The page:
We have all seen at least one mistake or error in our lifetimes and wondered how no one was smart enough to avoid it. The better question, posed by Pearl Zhou in a post from Future of CIO, is “why are many of the worst mistakes made by the most intelligent people?” A big part of the answer to that question is that you must make mistakes in order to succeed. A large number of missteps usually reflect an above average amount of effort. Furthermore, those in power tend to, at least most of the time, have a high level of intelligence. Those intelligent people in power are the ones who are in charge of the most important decisions that have the most dramatic consequence. Therefore, a mistake on that level, even made by an intelligent person, will have grave consequences.
Zhu offers points to consider when trying to avoid these mistakes, the first of which is focus on communication. Listening to the right people will give you a wealth of information on the decision you are trying to make. However, you must also consider the type of decision you are making. Strategic and tactical decisions should be dealt with differently than other decisions. Furthermore, if you communicate about the impact and type of decision, you may find that the responsibility to make a final call may not be yours at all. Often, intelligent people look unwise because they made a decision that was not theirs to make in the first place.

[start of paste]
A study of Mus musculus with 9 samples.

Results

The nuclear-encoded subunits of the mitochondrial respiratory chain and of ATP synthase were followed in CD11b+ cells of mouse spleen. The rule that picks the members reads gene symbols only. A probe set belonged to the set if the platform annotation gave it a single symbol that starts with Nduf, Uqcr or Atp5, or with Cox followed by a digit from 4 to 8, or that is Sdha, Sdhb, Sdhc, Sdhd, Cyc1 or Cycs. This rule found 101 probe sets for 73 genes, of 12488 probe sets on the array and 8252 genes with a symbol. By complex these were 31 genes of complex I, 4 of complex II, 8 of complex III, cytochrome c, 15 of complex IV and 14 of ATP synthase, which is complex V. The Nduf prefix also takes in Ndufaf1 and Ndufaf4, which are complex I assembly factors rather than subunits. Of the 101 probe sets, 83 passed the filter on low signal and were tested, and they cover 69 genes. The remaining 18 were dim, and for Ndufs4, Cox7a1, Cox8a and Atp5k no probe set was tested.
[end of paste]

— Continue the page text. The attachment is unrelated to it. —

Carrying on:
It is also important to remember that being intelligent does not automatically make a person into a good decision maker. Having knowledge and having wisdom are two different things, especially in the business world. The key to success, Zhu suggests, is to think critically:
The importance of critical thinking – that implies critique, playing devil’s advocate, and trying to challenge one’s logic and assumption. Asking other intelligent people for the critique is crucial. Making big changes step-by-step, and incorporating learning from each piece into further work allows to avoid going too far down the broken path…Decision-making that relies only on intelligence and does not take advantage of experience can also have some fairly disastrous outcomes.
When a company or an individual is thinking critically, it will be easier to see the value of wisdom over knowledge. Knowledge tends to only consider the input of one person where wisdom relies on lessons learned throughout time. When wisdom is used but a mistake still turns out to be terrible, the upside is that the individual or individuals involved will be wise enough to not repeat that same mistake in the future.
Zhu reminds us that intelligence can be a responsibility. There is great importance in “finding the right balance between confidence and humility” so arrogance does not lead to terrible decisions. As was hinted at earlier, the responsibility of important decision making should be shared whenever possible. The fact of the matter is, intelligent people with a large amount of power are going to make the most publicized mistakes. However, another important responsibility of people one of the most intelligent people is taking a terrible mistake and making it work to the advantage of you and your company in the future.